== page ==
No matter how it is packaged, most candidates will be anxious at interview; there is a lot riding on the outcome of the meeting. However, there are steps you can take as a recruiter not only to put them at ease, but to make improvements to the interview process overall.
Here are five top tips:
1) Pre-interview information
When inviting the candidate to an interview, it’s important and professional to provide them with as much information as possible. That way they can prepare as necessary and it’ll make for a far more productive interview. Send a job description and person specification, so that they know precisely what experience you are looking for. It could act as an early-stage screening tool; those lacking the skills may withdraw before the interview, saving you all time.
Also, provide clear details regarding your location and parking so that they do not get lost and arrive late – or not at all.
2) Dress appropriately
Don’t forget that you, as a representative of your company, are effectively being interviewed too and as such, you should want to create a good impression. Just as a candidate is advised to dress smartly for an interview, so should the interviewers. If nothing else, it shows respect and the candidate will feel more relaxed.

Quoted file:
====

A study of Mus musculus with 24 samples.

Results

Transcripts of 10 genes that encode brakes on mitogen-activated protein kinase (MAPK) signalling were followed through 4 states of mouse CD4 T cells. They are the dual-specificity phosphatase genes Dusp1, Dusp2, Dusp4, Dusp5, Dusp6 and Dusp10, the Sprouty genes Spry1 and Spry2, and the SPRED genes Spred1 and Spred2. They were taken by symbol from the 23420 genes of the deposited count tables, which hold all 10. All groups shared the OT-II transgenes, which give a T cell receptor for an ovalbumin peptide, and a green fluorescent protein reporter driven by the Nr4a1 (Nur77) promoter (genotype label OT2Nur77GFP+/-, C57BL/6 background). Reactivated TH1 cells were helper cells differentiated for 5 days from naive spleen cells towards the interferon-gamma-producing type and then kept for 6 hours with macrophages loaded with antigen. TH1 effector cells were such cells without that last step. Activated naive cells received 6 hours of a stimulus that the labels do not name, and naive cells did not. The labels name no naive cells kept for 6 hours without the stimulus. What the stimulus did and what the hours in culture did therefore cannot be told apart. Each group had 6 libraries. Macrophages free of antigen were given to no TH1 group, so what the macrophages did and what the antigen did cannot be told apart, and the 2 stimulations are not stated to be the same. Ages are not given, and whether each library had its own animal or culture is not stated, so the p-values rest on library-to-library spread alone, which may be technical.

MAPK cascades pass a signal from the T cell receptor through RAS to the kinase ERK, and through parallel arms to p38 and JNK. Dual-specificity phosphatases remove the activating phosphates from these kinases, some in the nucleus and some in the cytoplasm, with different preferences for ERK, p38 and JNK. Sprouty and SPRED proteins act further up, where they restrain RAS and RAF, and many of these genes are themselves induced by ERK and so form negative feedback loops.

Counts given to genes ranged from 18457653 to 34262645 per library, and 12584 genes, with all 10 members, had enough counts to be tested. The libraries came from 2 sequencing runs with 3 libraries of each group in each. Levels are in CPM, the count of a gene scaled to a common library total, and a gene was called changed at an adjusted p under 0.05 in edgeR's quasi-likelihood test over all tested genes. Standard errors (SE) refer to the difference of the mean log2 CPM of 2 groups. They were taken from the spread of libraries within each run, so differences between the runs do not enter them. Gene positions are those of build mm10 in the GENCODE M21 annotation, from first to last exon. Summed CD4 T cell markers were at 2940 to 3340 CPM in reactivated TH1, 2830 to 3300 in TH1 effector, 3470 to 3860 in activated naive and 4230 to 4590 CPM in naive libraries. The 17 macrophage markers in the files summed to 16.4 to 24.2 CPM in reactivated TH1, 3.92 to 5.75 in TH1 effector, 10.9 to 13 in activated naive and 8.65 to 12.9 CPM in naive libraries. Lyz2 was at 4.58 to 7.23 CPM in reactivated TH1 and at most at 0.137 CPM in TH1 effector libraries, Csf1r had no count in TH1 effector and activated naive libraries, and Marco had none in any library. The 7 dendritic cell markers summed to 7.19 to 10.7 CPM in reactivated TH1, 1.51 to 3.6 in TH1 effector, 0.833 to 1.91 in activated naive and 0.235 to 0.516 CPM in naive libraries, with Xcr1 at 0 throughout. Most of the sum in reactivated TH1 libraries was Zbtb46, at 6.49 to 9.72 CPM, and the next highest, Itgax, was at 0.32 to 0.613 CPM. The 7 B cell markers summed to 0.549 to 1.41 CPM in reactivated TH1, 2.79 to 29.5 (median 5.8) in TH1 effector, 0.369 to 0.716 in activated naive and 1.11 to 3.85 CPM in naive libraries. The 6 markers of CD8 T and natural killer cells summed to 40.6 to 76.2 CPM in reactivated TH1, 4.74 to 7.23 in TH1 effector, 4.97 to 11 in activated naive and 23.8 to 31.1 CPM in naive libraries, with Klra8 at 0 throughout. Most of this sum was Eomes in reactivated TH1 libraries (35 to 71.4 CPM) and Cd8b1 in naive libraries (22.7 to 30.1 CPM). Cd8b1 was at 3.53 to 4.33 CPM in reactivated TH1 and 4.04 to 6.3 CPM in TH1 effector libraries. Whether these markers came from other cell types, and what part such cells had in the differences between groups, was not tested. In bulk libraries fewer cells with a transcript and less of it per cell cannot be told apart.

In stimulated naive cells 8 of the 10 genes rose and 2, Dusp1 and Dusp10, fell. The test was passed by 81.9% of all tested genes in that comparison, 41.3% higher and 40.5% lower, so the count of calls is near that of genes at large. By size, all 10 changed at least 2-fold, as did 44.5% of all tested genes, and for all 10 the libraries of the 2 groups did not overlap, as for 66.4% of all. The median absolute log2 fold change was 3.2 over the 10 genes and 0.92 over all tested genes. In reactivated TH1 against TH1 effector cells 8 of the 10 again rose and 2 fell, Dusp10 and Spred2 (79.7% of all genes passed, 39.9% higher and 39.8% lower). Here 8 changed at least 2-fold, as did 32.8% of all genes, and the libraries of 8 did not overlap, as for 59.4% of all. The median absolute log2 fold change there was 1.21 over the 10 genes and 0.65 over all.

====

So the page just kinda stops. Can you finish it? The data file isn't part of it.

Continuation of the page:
3) Book a good room
It’s crucial that you hold your interview in a quiet space which is far away from any distractions. Thus you’ll need to book a good room in advance. Ideally, the room should possess a table and chairs; sitting on a sofa in the staff room can be awkward and uncomfortable.
4) Script some relevant questions
The best interviews use competency-based questions, relevant to the job, which relate back to the particular skills and behaviours associated with the role. These questions ask the candidate to demonstrate when they have exhibited a particular skill, such as when they’ve provided fantastic customer service or when they’ve had to meet a deadline.
Developing and sticking to an interview framework ensures consistency, regardless of who is carrying out the interview. The results should showcase the candidates’ suitability for the role, furnishing you with information with which to make improved recruitment decisions.
5) Don’t drag it out
The recruitment process can be long – and time scales quite often vary dependent on the level of the role you are recruiting for. Reduce that recruitment time by making and communicating your decisions as soon as you can. That way, you can have your new starter on board quickly. Delaying decisions can be dangerous; candidates might accept other offers in the intervening period, meaning you might lose them to the competition. A quick phone call is sufficient, you don’t need to send out the full terms and conditions immediately.
Some of the points above may seem obvious, but you’d be surprised just how much they can, combined, improve the interview process for you and the candidates.